Measuring Article Impact
Article-level metrics attempt to provide a snapshot of how an individual article is being discussed, shared, and used. Metrics can be drawn from many different places and can be traditional, citation-based metrics, or newer metrics such as altmetrics.
Many publishers and databases have their metrics platforms and ways of measuring article-level impact, for example, Public Library of Science (PLOS) and Springer. Google Scholar, Dimensions, Web of Science and Scopus all collect citation information.
Scopus goes one step further with PlumX metrics, producing a visualisation based on 5 categories - Usage (e.g. clicks, downloads, views, library holdings), Captures (e.g. bookmarks, code forks, favourites, watchers), Mentions (e.g. blog posts, comments, reviews, news media), Social Media (e.g. shares, likes, comments, tweets) as well as Citations. Similar data can be viewed through the Altmetric Bookmarklet.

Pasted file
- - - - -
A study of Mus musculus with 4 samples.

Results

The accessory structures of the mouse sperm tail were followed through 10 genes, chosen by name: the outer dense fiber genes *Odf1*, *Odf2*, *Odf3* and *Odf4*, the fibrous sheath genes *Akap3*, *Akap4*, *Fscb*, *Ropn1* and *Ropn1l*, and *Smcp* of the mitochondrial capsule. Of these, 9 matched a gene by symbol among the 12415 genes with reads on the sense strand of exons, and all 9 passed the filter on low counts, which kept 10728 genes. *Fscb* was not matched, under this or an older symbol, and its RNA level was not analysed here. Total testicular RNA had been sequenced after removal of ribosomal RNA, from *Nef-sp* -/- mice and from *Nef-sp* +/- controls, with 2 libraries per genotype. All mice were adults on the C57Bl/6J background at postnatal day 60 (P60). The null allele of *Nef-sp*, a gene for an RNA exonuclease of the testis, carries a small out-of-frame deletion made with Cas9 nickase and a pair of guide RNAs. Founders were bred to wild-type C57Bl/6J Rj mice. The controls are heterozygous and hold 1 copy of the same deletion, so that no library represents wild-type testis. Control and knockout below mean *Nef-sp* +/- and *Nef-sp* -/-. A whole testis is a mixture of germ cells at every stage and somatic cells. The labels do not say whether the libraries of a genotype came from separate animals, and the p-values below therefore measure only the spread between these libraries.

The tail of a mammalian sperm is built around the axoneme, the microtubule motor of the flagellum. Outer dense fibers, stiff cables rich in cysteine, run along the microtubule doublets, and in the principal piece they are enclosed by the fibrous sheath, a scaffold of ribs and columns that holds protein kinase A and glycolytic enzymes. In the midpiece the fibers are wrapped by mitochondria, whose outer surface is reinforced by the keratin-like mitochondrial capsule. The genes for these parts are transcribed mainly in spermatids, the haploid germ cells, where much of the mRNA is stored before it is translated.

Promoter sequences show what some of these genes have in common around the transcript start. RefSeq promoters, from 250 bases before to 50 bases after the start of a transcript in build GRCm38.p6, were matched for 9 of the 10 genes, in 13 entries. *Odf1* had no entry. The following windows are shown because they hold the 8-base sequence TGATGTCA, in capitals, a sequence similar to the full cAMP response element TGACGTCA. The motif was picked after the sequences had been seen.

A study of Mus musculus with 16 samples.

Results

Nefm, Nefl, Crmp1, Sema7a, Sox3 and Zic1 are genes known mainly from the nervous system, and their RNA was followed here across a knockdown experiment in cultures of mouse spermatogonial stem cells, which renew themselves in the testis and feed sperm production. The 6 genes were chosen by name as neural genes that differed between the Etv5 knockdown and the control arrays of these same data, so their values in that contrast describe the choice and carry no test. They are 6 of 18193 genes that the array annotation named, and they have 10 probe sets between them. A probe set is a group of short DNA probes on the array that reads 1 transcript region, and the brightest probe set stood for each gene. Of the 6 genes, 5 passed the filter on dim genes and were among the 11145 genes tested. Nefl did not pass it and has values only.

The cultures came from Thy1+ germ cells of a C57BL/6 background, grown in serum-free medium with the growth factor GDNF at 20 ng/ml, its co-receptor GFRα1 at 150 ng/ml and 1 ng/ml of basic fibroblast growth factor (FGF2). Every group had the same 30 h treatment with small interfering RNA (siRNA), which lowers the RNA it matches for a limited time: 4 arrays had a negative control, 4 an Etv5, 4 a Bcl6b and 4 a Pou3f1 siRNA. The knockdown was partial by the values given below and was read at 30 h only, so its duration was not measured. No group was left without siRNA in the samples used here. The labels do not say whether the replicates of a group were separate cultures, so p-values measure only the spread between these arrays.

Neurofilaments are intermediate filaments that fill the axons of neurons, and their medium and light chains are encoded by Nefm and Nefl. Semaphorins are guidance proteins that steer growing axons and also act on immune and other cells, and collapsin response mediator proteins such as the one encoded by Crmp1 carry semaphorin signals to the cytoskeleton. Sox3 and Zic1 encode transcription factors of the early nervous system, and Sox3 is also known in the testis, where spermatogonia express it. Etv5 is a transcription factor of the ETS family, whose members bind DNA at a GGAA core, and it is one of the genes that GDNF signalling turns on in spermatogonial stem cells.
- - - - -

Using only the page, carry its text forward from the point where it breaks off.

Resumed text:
Plum X Metrics - Scopus
A description of further article-level metrics, including details of limitations and use cases, can be found at The Metrics Toolkit.
Measuring Journal Impact
There are many metrics available at journal level, however, it is important not to conflate journal quality with article quality. For more information on journal impact, see the How to get published page.
Pubpeer is a forum for open, public comment on publications. Comments should be based on publically verifiable information and are anonymous. Authors receive notification when publications are commented on and have a permanent right of reply. there is also a browser plug-in that alert users to PubPeer comments on any on-screen articles.